Basra’s water woes reflect lack of political will

The apportionment of blame is evidence of the absence of political will to ease the crisis or heed legitimate demands of the people.
Sunday 30/09/2018
A view of a water stream in the Iraqi city of Basra. (Mohammad Dylan)
Poisonous politics. A view of a water stream in the Iraqi city of Basra. (Mohammad Dylan)

To global spectators, anger-fuelled protests in Iraq have become a seasonal activity but grievances, as the latest uprising in Basra showed, are about more than the state’s inability to govern the resource-abundant country.

Water pollution and environmental toxicity have rendered Iraq’s second largest city of Basra uninhabitable and, coupled with the systematic looting of state public wealth, ignited civil unrest in June.

Protests that have claimed at least 27 civilian lives mark the confluence of political and environmental degradation in a province that typifies everything wrong about post-2003 Iraq.

Symbolic attacks on government installations, political offices, the Iranian Consulate and the obstruction of roads leading into oil fields in recent weeks are but part of the story of Basra’s protracted suffering.

Protests were largely met with disproportionate force. One protester, who did not wish to be identified, spoke of hordes of militiamen donning official uniforms shooting live ammunition. “At the beginning, shots were fired sporadically, never directly aimed at civilians. Now shootings are targeted,” he said, describing a climate of terror that has seen thousands of protesters abandon the streets.

As expressions of dissent make headlines, more apparent to inhabitants is the vast number of people admitted to hospitals with mild to extreme cases of water poisoning. At the end of August, the figure of those under care stood at 17,000 but has since risen to 65,000, widening the stage for greater political in-fighting. Members of the local Al Hussein football club were hospitalised and treated for cases of severe poisoning, forcing them to cancel an eagerly anticipated match, Al-Mirbad reported.

The apportionment of blame is evidence of the absence of political will to ease the crisis or heed legitimate demands of the people. During a recent parliamentary session, the blame game that ensued between Iraqi Prime Minister Haider al-Abadi and Basra Governor Asaad al-Eidani descended into a verbal sparring match in which neither man took political responsibility for the problems.

Abadi’s firm rhetoric in condemnation against what he described as “acts of vandalism” has done little to prevent his popularity from plummeting. Basra’s latest outburst has been interpreted as a crushing defeat for Abadi, quashing his chances of re-election. Abadi recently conceded defeat but blamed “a negligent” local government.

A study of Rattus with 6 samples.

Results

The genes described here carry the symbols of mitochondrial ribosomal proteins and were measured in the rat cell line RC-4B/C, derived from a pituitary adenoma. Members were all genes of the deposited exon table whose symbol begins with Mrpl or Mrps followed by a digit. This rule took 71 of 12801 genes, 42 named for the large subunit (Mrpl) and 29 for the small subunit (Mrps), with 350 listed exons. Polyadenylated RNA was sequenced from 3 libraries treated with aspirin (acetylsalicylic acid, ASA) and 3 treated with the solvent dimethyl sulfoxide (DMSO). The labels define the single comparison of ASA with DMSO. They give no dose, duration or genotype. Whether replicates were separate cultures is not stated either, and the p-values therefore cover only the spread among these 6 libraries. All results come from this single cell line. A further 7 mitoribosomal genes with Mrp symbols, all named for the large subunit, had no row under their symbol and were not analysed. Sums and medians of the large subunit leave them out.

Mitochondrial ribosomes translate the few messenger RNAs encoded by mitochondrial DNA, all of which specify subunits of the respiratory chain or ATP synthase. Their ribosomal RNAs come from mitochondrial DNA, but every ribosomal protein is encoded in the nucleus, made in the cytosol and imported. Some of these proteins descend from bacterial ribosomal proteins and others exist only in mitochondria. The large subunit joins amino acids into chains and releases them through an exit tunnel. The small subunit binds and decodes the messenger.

Abadi’s shortcomings, as illuminated by the crisis in Basra, emboldened critics from al-Sadr Sairoon and pro-Iranian Fatah Alliance, both of which called on Abadi to step down as the caretaker prime minister. Analysts said the two sides are looking to push Abadi out, forming a rival coalition.

However, these pitfalls and promises illuminate the political instrumentalisation of Iraq’s crisis — whether political or environmental — that has been used to evade reform and outsource inherently governmental functions to foreign firms.

“I wish others could travel to Basra and see with their very eyes the levels of salt contaminating our water supply,” said another protester who did not wish to be identified. “The water crisis is not simply an environmental catastrophe. It’s a political problem first” that “a manifestly corrupt elite has shown no desire or ability to cure.”

Official visits by Iraq’s health minister and Eidani concluded that the cases of pollution they have treated reflect “only minor cases of water contamination.” However, the 65,000 who have been treated for illnesses may reach an opposite conclusion.

The Pioneer Pharmaceutical Company, a local firm, sent nine aid convoys with medical supplies and drugs, to relieve the pressures felt by Basra’s Directorate of Health.

Social media outlets were awash with videos in which water faucets are seen discharging muddy and milky water, turned colour because of an exceedingly high salt content.

Field assessments conducted by UNICEF said the city’s sewage network was compromised by “depleted and outdated material such as asbestos.” Previous studies showed a rise in salt and fecal content, owing to the absence of clean-up operations of the province’s water supplies.

Despite the oil wealth Basra boasts, available treatment technologies are no longer affordable in the absence of international support and after 15 years of unremitting plunder. Their ability to treat present levels of toxicity is questionable.

Not only does the city lack electric power for water purification and sewage treatment plants but the absence of political will denies inhabitants of the oil-rich town and could see humanitarian needs of Basra deferred for years.